Last Friday, I was enjoying a Chipotle burrito bowl for dinner. Or rather, I was trying to. I was ravenous to say the least. Driving home from campus, I was ecstatic to be going home for the weekend. It had been a long day at school, the traffic was atrocious, and this burrito bowl was the only thing keeping me from pulling my own hair out. My mouth watered as I zipped into Chipotle’s parking lot. The savory smell of my dinner tucked itself into every corner of my car, torturing me during the agonizing seven-minute drive home. Once I reached my driveway, I stormed into my kitchen prepared to demolish this bowl. I wouldn’t get away that easily, though. My mom sauntered into the kitchen and made sure I was eating under her watchful eye. “Good for you,” she said, “I could never eat that much.” I acknowledged her comment, rolled my eyes, and enjoyed my dinner in peace.

If you’ve stumbled across this article, my guess is that it wasn’t by accident. You too may have fallen victim to an almond mom. If you don’t know what an almond mom is, you are more than welcome to eat in front of mine–she’ll show you what it is. 

The definition of an almond mom is “a parent who follows incredibly strict or dangerously unhealthy eating habits and attempts to force them on their children.” I’d say that just about covers it. However, my mom did not succeed with that last part. In fact, I would say she never tried to force her habits on me, but they were heavily implied through her subtle judgment at the dinner table.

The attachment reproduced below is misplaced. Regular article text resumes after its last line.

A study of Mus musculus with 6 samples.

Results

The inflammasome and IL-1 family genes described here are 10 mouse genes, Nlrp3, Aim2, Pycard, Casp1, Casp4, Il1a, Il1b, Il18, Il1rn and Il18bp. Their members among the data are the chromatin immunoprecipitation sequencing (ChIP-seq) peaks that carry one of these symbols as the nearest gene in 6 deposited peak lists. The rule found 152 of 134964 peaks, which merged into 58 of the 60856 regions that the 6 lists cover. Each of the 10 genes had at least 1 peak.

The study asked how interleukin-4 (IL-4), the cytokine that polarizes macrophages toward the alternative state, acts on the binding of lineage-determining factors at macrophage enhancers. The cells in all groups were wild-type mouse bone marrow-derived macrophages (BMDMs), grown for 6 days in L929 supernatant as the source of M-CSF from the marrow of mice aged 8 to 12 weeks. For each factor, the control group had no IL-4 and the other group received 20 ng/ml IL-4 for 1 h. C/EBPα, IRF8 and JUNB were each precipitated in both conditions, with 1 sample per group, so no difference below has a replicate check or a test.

If it wasn’t me, I would assume I would resent my mom. However, this is far from the truth. Do I take pleasure in being her punching bag when she needs somewhere to deflect her own insecurities? Obviously not. Who would? Instead of getting angry with her, I take pity on her. I do not fault her for what her parents did to make her feel as though she was never good enough.

Fortunately for me, I have my older sister who picks me up when I start to fall down the slippery slope that my mom sets up for me. When the shrouded criticism gets to be too much, it’s my sister who throws me reassuring glances across the dinner table, communicating to me, “You’re fine, don’t listen to her.”

I must also express my gratitude for the honest discussions regarding body image across social media. Most almond moms are not as fortunate as we are to have influencers and role models to look up to when we struggle with insecurities to build a healthy relationship with food. Through the reassuring words of these online figures, our generation has been granted the understanding that harboring feelings of fear and resentment towards food is not healthy.

That being said, it is this exact reason why I choose pity over anger; why I choose compassion over annoyance. Was nobody there to protect my mom when she was going through the very same thing that her daughters are? Did her older sisters fail her while mine was my lifeline? If you find yourself relating to my frustrations, I suggest you offer your mom some grace. It may not seem like it, but she is still healing from a wound that she didn’t create. 

Riley Thornton

West Chester '26

Riley is a sophomore secondary English education student at West Chester University. When she is not pursuing her passion for writing and literature, she can be found jogging around campus, discovering new coffee shops, or binging "Friends" for the 20th time! Riley enjoys exploring the grounds of pop culture, mental health, current trends, and popular reads!